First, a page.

Russia did not get any secret info from Snowden - Putin

Former U.S. National Security Agency contractor Edward Snowden has not offered Russia any secret information, and Moscow's refusal to extradite him to the United States is due solely to the fact that the two countries do not have an extradition agreement, Russian President Vladimir Putin said.

Former U.S. National Security Agency contractor Edward Snowden has not offered Russia any secret information, and Moscow's refusal to extradite him to the United States is due solely to the fact that the two countries do not have an extradition agreement, Russian President Vladimir Putin said.

"The problem is not that we defended Snowden. We are not defending him in any way. The problem is that we and the U.S. do not have an agreement on mutual extradition of criminals. We have invited the United States on numerous occasions to conclude such an agreement but have been denied," Putin said in an interview with Channel One television and the Associated Press.

"We cannot judge whether Snowden committed some crime in the U.S. or not. We simply are not in a position to do this. But we, as a sovereign country having no such agreements with the United States, cannot do anything but provide him with the opportunity to stay here," Putin said.

"I'm going to tell you openly something I have never said yet - I hinted but never said it openly: Mr. Snowden appeared in Hong Kong for the first time and met with our diplomatic workers. I received a report that there was this special services employee. I asked them: what does he want? They say: He is defending human rights and the freedom of the circulation of information and fighting violations of laws in the U.S. itself and violations of international law," Putin told the journalists interviewing him.

"I say: if he wants to stay here, he is welcome, he can stay, but in this case he must stop all his activities that are detrimental to Russian-American relations," he said.

Then it was reported that Snowden "had automatically stayed in our airport and was stuck here," Putin said.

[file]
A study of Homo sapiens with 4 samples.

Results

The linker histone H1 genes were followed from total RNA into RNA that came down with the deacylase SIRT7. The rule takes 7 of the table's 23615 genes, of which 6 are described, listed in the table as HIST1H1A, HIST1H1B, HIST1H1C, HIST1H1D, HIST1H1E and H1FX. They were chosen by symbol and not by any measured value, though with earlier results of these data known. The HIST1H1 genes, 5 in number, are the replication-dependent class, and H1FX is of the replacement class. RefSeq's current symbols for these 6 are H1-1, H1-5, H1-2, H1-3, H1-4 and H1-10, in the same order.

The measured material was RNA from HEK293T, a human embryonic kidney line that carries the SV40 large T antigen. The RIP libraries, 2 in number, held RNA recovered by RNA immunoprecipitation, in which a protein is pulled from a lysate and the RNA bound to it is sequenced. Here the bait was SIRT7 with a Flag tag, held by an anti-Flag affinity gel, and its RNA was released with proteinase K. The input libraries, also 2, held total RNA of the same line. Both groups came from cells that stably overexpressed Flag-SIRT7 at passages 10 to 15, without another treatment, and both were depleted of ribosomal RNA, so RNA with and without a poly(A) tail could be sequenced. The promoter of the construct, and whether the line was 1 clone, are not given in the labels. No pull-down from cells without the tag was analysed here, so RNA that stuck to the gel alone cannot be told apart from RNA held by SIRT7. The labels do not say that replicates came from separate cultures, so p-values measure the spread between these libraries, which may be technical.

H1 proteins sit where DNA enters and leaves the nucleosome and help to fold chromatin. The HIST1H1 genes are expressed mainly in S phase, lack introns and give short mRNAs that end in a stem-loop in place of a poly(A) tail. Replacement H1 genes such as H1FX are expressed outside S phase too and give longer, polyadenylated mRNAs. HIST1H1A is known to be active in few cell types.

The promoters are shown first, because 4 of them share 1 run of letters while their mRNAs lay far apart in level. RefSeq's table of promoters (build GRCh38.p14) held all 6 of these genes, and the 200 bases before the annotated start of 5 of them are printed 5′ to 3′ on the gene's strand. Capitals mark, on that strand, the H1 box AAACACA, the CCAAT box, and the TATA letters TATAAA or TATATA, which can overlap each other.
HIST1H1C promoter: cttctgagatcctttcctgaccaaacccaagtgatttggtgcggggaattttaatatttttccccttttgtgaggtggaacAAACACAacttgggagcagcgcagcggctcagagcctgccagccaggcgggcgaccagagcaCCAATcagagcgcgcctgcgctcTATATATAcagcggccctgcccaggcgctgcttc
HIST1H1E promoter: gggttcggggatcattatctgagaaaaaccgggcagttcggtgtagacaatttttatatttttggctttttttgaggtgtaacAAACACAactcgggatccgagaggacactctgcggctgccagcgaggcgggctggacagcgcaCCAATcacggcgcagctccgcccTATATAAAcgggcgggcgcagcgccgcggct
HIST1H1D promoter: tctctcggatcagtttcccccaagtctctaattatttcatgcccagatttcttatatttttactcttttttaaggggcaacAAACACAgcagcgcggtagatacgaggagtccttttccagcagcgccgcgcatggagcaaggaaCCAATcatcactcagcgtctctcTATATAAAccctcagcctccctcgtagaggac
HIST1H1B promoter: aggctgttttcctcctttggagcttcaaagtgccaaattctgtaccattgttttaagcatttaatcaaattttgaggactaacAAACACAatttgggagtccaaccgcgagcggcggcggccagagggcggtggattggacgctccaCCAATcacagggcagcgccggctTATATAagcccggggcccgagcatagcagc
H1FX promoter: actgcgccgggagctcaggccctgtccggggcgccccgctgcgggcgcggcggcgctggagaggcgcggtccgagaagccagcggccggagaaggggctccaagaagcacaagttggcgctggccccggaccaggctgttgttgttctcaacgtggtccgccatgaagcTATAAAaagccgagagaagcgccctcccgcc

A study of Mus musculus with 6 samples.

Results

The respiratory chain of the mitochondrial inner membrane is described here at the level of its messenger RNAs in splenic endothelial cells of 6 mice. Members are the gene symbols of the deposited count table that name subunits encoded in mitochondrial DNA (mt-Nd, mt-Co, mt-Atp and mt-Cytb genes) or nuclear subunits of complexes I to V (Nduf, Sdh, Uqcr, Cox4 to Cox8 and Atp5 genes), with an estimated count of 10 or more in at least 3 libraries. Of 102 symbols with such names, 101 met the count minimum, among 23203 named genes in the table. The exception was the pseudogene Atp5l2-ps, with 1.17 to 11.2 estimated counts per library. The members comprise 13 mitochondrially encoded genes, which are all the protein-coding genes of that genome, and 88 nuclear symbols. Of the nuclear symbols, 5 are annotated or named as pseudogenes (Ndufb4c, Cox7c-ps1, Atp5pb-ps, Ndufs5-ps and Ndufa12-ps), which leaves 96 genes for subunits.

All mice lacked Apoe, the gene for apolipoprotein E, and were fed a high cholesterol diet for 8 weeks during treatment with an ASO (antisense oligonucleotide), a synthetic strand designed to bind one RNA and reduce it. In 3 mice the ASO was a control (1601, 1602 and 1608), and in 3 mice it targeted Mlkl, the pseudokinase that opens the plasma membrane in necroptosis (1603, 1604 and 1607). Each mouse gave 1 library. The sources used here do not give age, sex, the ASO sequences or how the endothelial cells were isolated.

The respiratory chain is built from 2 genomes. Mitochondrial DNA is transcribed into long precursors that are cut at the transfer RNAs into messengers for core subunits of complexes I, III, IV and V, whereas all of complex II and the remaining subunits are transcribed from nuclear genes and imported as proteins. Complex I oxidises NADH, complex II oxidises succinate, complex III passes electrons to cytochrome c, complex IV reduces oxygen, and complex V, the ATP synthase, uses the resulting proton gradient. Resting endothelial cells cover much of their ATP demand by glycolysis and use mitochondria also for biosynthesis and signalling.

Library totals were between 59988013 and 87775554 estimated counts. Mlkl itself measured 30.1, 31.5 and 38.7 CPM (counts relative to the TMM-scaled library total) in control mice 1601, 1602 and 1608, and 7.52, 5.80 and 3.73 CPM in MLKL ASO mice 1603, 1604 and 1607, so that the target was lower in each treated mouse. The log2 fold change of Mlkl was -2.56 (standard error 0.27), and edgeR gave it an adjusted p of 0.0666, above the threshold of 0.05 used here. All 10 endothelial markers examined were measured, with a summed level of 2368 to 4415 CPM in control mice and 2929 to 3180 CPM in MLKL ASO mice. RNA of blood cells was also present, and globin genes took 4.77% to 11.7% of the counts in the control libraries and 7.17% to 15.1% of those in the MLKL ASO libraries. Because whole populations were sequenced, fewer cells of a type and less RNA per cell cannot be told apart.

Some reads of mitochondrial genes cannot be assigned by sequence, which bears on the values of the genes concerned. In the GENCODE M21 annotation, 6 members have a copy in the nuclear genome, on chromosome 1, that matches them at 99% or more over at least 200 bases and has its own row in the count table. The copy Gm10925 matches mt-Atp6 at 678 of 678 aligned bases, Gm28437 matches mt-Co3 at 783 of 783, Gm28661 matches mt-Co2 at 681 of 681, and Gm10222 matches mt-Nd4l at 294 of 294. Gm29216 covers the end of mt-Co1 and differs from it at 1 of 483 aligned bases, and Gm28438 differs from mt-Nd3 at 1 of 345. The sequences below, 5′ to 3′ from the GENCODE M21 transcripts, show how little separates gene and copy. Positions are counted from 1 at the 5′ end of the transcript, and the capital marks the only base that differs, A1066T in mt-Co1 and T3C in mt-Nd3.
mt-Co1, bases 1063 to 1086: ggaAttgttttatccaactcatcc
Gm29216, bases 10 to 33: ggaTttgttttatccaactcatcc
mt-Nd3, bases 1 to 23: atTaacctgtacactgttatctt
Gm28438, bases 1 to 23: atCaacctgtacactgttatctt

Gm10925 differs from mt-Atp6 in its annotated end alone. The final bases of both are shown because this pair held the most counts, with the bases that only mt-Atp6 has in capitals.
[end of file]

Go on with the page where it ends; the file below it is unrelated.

"And what were we supposed to do after that? Turn him in [to the United States]? Then conclude an agreement with us. You don't want to? As you like. Turn our thugs over to us. You don't want to? As you wish. So why are you demanding that we turn someone in unilaterally? What kind of snobbishness is this? It's necessary to take into account each other's interests, work and look for a professional solution," he said.

"Therefore, we are not defending Snowden but we are defending certain norms of mutual relations between states. I really expect that the United States and we reach some agreement in the future and can codify them in legally binding documents," he said.

Snowden did not offer any secret information to Russia, Putin said. "We haven't received anything from him, and we don't even have such a desire," Putin said. "We don't have any desire to involve him in some cooperation scheme or to pump some information out of him. He's never tried to give us anything, and we've never tried to coax anything out of him," he said.

Snowden has actually consigned himself "to quite a complicated life," Putin said. "But it is clear already that we won't turn him in, and that he can feel safe here," he said.

The United States may understand in time that, in dealing with Snowden, it is dealing not with a traitor and a spy, but a man possessing certain convictions, Putin said. "Perhaps some compromises might be found in this case as well. I don't know. This is his own fate, he has chosen it, and he has done this to himself," he said.